That's the fastest pace in four years ... and year-on-year inflation hit 2.5%. That's the biggest gain in five years since March 2012. Frank Holmes had a nice chart on that in Forbes.
Inflation is at 2.5% ... and the 10-year Treasury yield is at 2.4%. That's a negative rate. Meanwhile, the effective Fed Funds rate is much lower, at 0.65%. No matter how you slice it, we are at negative real rates.
And Frank says that negative real rates are a force driving gold higher.
One inflation driver is food. The food index rose 0.1% in January, its first increase since April 2016. Housing is playing its part as well. Rent rose 0.3%, and the cost of owning a home rose 0.2%. You'll also see small climbs in clothing and cars.
But the biggest driver is energy. According to the BLS, the energy index rose 4% in January. That's the fifth increase in a row. And the gasoline index jumped a whopping 7.8%.
So if we can figure out what's happening with energy prices, we should have a clue to what will happen with gold. Here's a chart of West Texas Intermediate, the U.S. oil benchmark.
You can see that oil prices have channeled sideways since Mid-December. So, momentum indicators will be useless. However, we can also see prices are tightening up. It's an ascending triangle. A breakout to the upside is likely.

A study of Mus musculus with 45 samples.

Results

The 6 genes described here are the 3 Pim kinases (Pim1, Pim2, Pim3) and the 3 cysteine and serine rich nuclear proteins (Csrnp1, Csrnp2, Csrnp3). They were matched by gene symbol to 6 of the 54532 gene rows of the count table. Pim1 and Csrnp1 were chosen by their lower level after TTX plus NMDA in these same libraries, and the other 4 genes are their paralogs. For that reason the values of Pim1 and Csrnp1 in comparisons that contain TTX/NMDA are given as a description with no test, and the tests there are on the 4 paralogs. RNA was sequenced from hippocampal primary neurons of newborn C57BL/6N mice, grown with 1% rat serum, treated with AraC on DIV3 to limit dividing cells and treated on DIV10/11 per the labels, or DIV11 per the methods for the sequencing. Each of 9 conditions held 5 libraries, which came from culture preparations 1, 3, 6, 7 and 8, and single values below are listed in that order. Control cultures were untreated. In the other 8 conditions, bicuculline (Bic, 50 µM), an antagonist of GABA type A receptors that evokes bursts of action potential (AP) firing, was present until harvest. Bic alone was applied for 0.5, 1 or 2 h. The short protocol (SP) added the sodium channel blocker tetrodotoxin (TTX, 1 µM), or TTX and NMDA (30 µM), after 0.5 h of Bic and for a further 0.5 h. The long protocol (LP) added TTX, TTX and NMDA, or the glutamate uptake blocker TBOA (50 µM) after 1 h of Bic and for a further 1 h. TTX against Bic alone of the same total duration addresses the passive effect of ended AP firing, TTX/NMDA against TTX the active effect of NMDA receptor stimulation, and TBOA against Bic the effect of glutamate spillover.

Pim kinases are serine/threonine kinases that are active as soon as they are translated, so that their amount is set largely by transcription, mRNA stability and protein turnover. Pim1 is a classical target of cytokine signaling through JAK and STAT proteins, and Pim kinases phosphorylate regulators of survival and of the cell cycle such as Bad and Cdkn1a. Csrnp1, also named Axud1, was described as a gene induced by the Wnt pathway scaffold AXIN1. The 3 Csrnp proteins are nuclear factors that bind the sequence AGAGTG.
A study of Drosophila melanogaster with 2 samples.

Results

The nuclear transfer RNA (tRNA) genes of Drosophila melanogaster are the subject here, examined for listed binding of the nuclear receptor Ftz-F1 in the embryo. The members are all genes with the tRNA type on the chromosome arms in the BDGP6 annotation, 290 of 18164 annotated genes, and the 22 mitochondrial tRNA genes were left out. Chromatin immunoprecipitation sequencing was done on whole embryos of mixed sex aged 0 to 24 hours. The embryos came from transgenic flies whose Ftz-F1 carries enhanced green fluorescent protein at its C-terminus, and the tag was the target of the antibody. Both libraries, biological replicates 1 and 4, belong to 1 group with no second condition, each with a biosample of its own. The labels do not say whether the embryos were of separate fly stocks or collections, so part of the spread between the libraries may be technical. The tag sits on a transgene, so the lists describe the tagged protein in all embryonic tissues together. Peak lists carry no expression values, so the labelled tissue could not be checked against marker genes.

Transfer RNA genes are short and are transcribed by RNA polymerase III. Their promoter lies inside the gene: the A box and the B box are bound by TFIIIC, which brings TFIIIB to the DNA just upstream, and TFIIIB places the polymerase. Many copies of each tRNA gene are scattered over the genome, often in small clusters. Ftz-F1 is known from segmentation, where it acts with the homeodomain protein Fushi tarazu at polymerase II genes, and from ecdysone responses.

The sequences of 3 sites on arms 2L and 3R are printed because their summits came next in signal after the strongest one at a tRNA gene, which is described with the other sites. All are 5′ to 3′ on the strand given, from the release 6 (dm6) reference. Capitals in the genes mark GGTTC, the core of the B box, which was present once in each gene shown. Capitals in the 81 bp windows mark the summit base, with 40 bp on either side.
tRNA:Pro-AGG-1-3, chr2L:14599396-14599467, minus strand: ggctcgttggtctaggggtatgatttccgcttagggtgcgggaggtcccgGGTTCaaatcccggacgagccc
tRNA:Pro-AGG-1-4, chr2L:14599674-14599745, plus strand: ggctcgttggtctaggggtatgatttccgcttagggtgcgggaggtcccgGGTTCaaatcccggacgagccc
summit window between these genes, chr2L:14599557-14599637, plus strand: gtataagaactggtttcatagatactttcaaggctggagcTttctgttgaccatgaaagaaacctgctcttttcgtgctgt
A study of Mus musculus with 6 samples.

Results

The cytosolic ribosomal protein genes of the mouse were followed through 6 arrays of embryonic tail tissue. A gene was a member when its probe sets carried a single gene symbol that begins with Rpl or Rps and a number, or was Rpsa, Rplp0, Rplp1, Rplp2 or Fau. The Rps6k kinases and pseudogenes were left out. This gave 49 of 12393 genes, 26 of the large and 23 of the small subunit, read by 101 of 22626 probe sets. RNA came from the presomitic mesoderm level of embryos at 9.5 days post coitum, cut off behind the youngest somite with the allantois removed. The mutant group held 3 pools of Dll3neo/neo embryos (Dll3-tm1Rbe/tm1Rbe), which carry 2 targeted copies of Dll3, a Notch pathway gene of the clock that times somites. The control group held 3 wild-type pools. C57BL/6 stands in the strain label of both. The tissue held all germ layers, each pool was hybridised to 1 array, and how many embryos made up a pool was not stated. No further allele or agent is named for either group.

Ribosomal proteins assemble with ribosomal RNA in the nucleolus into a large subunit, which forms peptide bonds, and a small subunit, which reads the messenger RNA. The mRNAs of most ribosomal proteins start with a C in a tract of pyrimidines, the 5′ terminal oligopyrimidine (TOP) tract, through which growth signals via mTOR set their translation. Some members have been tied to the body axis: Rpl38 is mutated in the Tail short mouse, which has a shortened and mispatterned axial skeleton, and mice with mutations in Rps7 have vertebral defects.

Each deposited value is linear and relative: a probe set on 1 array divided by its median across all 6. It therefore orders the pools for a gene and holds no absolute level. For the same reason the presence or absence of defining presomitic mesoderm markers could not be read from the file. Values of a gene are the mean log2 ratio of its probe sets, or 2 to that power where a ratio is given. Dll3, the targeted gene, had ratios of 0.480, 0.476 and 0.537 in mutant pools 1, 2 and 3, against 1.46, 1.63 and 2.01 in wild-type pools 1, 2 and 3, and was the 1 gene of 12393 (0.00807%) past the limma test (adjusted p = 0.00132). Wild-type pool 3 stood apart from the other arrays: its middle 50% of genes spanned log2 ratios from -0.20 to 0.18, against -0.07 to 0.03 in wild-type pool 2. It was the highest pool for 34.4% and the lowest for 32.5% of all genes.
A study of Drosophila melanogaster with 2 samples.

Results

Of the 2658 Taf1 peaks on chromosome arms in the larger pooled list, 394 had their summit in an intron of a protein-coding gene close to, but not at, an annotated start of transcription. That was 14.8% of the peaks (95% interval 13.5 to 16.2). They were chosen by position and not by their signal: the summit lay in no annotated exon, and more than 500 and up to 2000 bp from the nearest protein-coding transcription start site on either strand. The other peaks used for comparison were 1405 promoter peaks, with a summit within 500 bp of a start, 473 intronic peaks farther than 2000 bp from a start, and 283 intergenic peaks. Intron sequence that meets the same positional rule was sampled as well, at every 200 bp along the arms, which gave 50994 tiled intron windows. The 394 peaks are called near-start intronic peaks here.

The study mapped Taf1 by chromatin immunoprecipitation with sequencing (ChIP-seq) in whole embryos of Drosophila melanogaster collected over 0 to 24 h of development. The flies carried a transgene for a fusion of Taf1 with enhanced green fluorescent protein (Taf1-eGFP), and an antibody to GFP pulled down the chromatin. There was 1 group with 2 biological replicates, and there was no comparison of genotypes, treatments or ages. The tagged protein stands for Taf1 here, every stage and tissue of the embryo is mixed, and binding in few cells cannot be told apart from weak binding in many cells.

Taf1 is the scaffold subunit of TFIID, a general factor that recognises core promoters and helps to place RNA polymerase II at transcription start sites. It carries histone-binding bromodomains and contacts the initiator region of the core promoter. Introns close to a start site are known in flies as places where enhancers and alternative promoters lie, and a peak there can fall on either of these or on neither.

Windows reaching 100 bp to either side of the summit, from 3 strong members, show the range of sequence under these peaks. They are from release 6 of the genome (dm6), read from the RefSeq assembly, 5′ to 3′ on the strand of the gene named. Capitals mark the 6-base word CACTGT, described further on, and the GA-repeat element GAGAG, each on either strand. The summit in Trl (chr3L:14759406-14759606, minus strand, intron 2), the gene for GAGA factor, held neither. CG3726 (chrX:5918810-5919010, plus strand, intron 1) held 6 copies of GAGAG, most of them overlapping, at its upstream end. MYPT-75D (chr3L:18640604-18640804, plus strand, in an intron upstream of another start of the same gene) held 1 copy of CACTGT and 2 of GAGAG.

If oil breaks out, inflation should heat up. Real yields will fall even more, even if the Fed raises at a "slow and measured" pace. That should lift gold.
- Global petroleum inventories are falling but still high. At the end of December, inventories fell to below 3 billion barrels, but were 286 million barrels above the five-year average. That's according to the International Energy Agency..
- We know that OPEC is mulling extending its production cuts. Those production cuts (approximately 1.8 million barrels per day between OPEC and its allies) are the main force in oil's recent rise.
- We know there is a glut of gasoline. That should weigh on prices in the very short term. The gasoline glut is due to weather-related traffic slowdowns. Longer term, Americans are buying more cars, and more gas-guzzling luxury cars.
This all adds up to a potential short-term pullback in energy prices. But the longer term is quite bullish, especially if OPEC extends its production cuts. That's because global demand continues to rise as the global middle class expands and buys more cars.
So, this started out as a story about interest rates and gold. Now we've gone on to energy. It's all interconnected, as you can see. And this leads us to a big picture that is quite bullish for gold.
Speaking of interconnected, Eurozone inflation also hit a 4-year high in January. That's a part of the world which was in DEFLATION not too long ago. Again, energy prices are the biggest driver.
The point is, gold could see buying pressure on both sides of the Atlantic. And energy prices will be key.
I'll write about ways to play this trend another time.